Some people believe that had Senator Robert F. Kennedy not been assassinated in early June 1968, he was certain to have made it to the White House that year. Some are convinced Senator Kennedy's victory over Senator Eugene McCarthy in the Democratic Party's California primary guaranteed RFK his party's presidential nomination. However both of these simply are not so.

The truth is there were no such certainties or guarantees.

One week after Bobby Kennedy's May 28th defeat in the Oregon primary election, his winning both the California and South Dakota primaries on June 4th was unquestionably a boon to his presidential campaign. In fact, winning the California contest was absolutely essential in keeping Senator Kennedy's candidacy alive. But it could do no more than that. Such a victory alone could not ensure Kennedy the Democratic nomination in late August. Had he not been killed on the night of his California primary victory, RFK still would have had a very difficult uphill battle ahead of him in that summer of 1968.

Even with his California primary triumph, Kennedy would not have been the front-runner for his party's presidential nomination had he left Los Angeles alive. The party's front-runner still would have been Vice President Hubert H. Humphrey. Humphrey, who had entered the presidential competition on April 27th (nearly four weeks after President Lyndon B. Johnson's withdrawal from the race), had obtained by early June many more delegate commitments than Kennedy had achieved. This was due to HHH and his senior aides negotiating with -- and securing commitments from -- party leaders in back rooms, entirely outside the official primary election process. Humphrey was the leading Democrat in the race even though he was not on the California primary ballot and also was not on the ballots of any of the other primary states. By June 4th, Humphrey had received so many delegate commitments, working outside the primary process, that the Vice President already seemed poised to capture the Democratic presidential nomination, which was set to be awarded in Chicago 2 1/2 months later.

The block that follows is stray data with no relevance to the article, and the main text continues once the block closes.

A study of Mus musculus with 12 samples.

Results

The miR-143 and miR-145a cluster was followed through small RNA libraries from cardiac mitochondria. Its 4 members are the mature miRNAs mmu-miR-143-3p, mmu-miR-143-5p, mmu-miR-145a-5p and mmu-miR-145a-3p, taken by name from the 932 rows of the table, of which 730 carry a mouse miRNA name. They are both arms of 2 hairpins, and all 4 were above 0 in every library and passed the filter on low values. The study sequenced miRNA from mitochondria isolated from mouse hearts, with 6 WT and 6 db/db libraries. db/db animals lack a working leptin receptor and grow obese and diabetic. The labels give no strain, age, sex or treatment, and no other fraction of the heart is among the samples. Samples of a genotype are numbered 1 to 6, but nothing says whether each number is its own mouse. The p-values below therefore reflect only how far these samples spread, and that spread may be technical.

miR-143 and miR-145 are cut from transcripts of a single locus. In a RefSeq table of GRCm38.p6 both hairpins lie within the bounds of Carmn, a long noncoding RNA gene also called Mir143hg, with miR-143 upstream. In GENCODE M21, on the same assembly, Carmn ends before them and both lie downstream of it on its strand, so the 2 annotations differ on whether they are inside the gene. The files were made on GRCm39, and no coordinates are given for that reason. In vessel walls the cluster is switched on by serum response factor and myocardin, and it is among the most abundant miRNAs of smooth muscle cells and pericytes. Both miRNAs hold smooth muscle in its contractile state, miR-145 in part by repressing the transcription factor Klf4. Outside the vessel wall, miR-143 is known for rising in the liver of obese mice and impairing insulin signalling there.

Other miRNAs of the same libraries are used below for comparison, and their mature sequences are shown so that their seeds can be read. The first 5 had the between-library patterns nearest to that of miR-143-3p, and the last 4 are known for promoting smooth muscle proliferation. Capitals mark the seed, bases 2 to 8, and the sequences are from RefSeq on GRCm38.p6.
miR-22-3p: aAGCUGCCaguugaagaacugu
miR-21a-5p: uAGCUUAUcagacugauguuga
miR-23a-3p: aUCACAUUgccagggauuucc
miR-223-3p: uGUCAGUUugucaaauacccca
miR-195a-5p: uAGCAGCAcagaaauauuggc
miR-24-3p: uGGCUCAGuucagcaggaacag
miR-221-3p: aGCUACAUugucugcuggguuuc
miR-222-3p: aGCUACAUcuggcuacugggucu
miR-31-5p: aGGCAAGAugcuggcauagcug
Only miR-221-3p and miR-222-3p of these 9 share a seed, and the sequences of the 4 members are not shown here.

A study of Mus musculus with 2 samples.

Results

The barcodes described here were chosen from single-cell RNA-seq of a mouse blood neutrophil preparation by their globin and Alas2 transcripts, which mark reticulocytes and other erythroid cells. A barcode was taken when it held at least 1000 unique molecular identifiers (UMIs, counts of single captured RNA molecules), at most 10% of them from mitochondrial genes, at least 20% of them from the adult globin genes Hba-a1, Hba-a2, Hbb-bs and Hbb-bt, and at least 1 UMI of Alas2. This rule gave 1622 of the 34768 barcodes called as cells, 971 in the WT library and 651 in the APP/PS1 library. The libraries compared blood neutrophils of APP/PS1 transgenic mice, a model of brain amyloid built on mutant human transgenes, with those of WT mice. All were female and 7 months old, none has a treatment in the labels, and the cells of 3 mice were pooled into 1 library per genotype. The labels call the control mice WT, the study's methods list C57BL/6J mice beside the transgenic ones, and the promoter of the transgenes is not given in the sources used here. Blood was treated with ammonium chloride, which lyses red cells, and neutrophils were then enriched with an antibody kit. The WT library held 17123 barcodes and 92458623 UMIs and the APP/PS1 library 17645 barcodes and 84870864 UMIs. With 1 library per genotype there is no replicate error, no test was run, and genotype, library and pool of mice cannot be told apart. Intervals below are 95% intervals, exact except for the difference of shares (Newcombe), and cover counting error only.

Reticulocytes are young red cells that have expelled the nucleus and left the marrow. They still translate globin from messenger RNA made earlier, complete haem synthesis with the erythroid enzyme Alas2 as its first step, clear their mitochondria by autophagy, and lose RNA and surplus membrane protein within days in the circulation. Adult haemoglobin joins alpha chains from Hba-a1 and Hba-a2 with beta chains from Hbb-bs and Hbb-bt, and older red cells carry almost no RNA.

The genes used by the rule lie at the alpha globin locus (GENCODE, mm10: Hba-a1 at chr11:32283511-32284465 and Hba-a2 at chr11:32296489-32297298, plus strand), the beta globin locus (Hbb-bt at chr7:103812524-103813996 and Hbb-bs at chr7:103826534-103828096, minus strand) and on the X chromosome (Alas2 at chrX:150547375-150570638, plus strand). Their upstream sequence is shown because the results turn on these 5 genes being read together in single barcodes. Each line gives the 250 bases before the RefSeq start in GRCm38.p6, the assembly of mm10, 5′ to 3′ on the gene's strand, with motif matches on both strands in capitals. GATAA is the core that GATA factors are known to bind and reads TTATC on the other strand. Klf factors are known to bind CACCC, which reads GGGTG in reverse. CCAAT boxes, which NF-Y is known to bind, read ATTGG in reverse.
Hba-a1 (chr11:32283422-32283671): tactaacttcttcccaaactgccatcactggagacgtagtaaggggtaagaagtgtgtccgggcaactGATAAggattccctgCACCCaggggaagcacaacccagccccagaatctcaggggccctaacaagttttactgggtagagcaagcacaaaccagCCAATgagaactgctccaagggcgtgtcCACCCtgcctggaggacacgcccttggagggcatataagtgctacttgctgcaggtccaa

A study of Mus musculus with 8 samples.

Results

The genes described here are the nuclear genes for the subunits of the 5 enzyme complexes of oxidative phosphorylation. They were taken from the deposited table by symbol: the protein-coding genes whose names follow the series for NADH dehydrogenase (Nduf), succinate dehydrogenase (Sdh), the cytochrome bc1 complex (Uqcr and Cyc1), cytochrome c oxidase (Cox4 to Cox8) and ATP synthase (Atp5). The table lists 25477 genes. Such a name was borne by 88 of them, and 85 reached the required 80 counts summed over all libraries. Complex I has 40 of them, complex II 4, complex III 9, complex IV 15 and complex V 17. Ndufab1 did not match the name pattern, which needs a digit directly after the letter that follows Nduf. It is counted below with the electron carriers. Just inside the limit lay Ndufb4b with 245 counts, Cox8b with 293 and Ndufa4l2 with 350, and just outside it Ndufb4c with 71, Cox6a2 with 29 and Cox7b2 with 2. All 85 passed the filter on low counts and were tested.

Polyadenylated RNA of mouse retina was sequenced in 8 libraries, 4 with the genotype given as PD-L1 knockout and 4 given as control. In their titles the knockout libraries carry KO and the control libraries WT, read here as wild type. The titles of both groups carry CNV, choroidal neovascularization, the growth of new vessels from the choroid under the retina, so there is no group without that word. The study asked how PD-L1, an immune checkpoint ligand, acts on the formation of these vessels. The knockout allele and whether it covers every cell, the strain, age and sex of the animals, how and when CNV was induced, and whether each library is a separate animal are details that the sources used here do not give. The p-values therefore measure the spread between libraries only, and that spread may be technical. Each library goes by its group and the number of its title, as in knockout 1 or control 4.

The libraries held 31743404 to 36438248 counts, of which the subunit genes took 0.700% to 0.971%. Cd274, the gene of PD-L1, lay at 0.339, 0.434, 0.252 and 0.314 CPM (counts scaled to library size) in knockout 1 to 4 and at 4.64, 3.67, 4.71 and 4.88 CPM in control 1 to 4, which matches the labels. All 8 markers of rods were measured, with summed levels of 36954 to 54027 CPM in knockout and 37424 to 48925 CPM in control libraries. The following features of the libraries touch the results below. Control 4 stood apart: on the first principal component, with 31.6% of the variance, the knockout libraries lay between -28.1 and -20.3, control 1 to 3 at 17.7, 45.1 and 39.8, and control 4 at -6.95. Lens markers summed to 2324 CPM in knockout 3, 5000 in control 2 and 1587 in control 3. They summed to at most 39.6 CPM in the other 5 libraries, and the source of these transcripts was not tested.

Not that it would have been completely impossible for Bobby Kennedy to have defeated Humphrey for the nomination, but it certainly would have been very difficult as reporters, analysts and even RFK himself observed on more than one occasion during that fateful evening of June 4-5, 1968. The New York Senator would have had the very difficult challenge of trying to convince a sufficient number of already-pledged Humphrey delegates to abandon their commitment to the Vice President. As Robert Kennedy finally said that night immediately after delivering his victory statement in Los Angeles -- in his last recorded words, uttered to radio reporter Andrew West only about a minute before he was fatally shot at the Ambassador Hotel -- he would have to "struggle for it" that summer if there was any chance of his beating Humphrey at the party's August convention in Chicago.

So Senator Kennedy, despite scoring what was perhaps the greatest victory of his political career (beating Gene McCarthy in the California presidential primary), still was not guaranteed the Democratic nomination. Not only was he not a shoe-in for that, he was not even his party's front-runner despite having won four out of five primaries, including California, since entering the race on March 16th. We simply will never know whether RFK eventually would have managed to succeed in this arduous quest had he not been murdered moments after claiming victory in the California primary. He might have succeeded. He might not have. This will always be impossible to know for sure.

Television network news coverage of Bobby Kennedy's final primary victory makes this unmistakably clear. Now you can see and hear all of this for yourself, right here, in this video of selected clips from CBS, ABC and NBC live TV network news coverage of the California primary on the night of RFK's assassination, June 4-5, 1968. The following are the newsmen featured in this video (in order of when we first see or first hear each speak): CBS's Walter Cronkite, CBS's Martin Agronsky, ABC's Bill Lawrence, NBC's Frank McGee, CBS's Bill Plante, ABC's Howard K. Smith, CBS's Roger Mudd, NBC's Sander Vanocur, CBS's Joseph Benti, ABC's Dan Hackel and KRKD/Mutual's Andrew West.

You might take particular note in this video of RFK's own carefully-chosen words, uttered during his last TV network interviews, as well as Kennedy's final recorded words captured by TV cameras and microphones as RFK chatted briefly with local Los Angeles radio reporter Andy West at the lectern in the Ambassador Hotel's Embassy Room ballroom, immediately following the Senator's victory speech and one minute before he was shot in the hotel's kitchen pantry shortly after departing the ballroom.

Also see our "What If Bobby Kennedy Had Lived? 2 of 2".